Manny's Story

Manny's Story

This story was shared through NEHA’s Mental Health Community Stories project to remove the stigma, raise awareness, and increase conversation around mental health. Manny shared his story on camera and in written format. Watch Manny’s video here.


My name is Manuel, but I go by “Manny.” I am native to Utuado, a beautiful town in one of the mountainous regions of Puerto Rico.

When I was little, my parents noticed I had bruises and large lumps which came from hitting myself while learning how to crawl and walk. They took me to a local pediatrician, who determined that he suspected that I had some form/type of hemophilia. He referred me to the pediatric hematology and oncology clinic at Centro Médico de Puerto Rico, where I received an official diagnosis of severe hemophilia B at nine months old.

Much of my childhood was spent in the pediatric ER battling major bleeds and as a result, I grew up very insecure and scared to do anything or experience new things. At that time, home infusions were not an option for me, and after a lot of advocacy work, my parents were able to convince the HTC in Puerto Rico to allow me to start on-demand home infusions a little earlier than expected. This was a major victory as it nearly eliminated my need to go to the pediatric ER.

In 1998, after Hurricane Georges struck Puerto Rico, my family lost nearly everything we owned: including all of the factor in the fridge, due to our home flooding. Months after the hurricane, my parents decided to move to the mainland of the United States to seek better opportunities for our family and better treatment options for me. Once we got here, I went to the Hemophilia Treatment Center of Western Pennsylvania. I was put on a factor IX recombinant prophylaxis treatment regimen by Dr. Margaret Ragni. I credit prophylaxis as being a life saver and a game changer for me as it allowed me to live a more “normal” life.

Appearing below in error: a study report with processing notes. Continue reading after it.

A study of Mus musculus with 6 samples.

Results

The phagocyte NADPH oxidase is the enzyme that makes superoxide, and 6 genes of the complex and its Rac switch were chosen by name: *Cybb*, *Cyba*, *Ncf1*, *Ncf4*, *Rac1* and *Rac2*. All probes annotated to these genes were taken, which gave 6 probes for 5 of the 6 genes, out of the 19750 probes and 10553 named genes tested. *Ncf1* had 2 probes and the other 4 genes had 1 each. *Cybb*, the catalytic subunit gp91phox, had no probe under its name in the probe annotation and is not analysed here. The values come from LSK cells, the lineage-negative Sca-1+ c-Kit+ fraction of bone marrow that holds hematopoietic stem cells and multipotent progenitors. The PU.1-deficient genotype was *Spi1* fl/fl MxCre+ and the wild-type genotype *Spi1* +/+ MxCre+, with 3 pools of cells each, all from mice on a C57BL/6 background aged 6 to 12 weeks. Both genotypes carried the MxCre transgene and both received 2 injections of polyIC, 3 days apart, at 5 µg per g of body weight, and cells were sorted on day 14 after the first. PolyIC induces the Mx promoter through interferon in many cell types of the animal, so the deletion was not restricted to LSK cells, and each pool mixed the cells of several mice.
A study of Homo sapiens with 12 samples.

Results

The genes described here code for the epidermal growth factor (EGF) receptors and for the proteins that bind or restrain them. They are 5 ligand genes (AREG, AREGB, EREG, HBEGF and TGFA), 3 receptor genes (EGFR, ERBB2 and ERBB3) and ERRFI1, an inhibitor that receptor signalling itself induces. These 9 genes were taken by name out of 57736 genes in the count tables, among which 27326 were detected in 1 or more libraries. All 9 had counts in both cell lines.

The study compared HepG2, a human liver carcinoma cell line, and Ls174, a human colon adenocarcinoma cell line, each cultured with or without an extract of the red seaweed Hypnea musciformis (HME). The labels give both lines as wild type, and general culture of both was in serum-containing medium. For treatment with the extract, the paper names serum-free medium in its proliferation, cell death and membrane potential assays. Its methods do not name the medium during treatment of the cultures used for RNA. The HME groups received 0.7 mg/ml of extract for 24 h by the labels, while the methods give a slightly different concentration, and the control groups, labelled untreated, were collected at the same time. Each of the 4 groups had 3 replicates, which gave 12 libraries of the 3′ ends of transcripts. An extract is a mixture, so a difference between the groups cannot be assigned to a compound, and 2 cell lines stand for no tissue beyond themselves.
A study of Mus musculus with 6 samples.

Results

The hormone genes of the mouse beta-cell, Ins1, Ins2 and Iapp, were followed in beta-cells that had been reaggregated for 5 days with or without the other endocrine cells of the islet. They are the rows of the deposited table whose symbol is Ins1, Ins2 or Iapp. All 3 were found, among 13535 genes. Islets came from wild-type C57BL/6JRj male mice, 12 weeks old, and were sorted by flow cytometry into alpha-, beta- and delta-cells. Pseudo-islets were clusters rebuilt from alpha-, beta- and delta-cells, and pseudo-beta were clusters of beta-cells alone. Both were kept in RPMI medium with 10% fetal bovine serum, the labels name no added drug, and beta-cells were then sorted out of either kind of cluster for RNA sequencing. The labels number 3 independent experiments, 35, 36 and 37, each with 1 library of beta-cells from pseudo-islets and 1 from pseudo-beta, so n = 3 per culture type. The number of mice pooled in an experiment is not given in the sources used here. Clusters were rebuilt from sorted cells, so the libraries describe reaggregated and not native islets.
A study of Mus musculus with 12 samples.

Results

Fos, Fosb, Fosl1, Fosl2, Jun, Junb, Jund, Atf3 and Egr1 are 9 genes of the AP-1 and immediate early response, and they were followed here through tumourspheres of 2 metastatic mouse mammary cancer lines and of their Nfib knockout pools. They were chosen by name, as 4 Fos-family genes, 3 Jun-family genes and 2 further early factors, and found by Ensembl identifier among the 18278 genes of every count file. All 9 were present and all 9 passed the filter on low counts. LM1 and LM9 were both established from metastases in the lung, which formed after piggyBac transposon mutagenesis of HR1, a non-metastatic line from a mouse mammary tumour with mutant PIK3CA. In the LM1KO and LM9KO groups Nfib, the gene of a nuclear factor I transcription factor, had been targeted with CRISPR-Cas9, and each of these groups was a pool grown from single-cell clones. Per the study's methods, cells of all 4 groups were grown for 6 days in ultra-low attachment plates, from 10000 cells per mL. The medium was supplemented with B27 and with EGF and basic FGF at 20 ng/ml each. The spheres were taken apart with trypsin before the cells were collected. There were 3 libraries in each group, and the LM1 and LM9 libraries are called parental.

As an adult, I’ve learned to live with or overcome a lot of the fears and traumatic experiences that I experienced as a child. It has taken a lot of work but I now recognize the power of understanding one’s own mental health journey. Continuously working through the tough moments, the exhausting cycles of depression, anxiety, and sadness is hard, but it it’s necessary.

It was not until the past few years that I have been able to look myself in the mirror and say, “I also struggle with my mental health and it’s ok, but I need to find solutions”. I still have cycles of depression, anxiety, sadness – all are directly attributable to hemophilia and the degenerative effects it has had on my body.

I have found ways to cope with those moments. When I start to notice symptoms, or notice that I feel like I’m falling into one of those ruts, I try to do the things that bring me joy, like biking, hiking, canoeing and enjoying the outdoors, especially now that I live in New Hampshire. I love spending time with my family, my community and playing video games.

Doing the things I love is only one way to cope. I also have tremendous love and support from my wife, Emily, my parents, my brother, and my friends. That is just as important as “doing things.” My faith in God have been with me every step of the way. Without God I would simply not be here and would not have been able to survive hemophilia. If you feel like you are struggling with your mental health, try to find ways to cope and if that doesn’t work, don’t be afraid to seek help with a healthcare professional as quickly as possible. I hope that by sharing my story, I can play a role in reducing the stigmas associated with mental health and seeking help. We are all human, and we all need someone. So, please, I urge you look and ask for help, you are not alone, we are with you.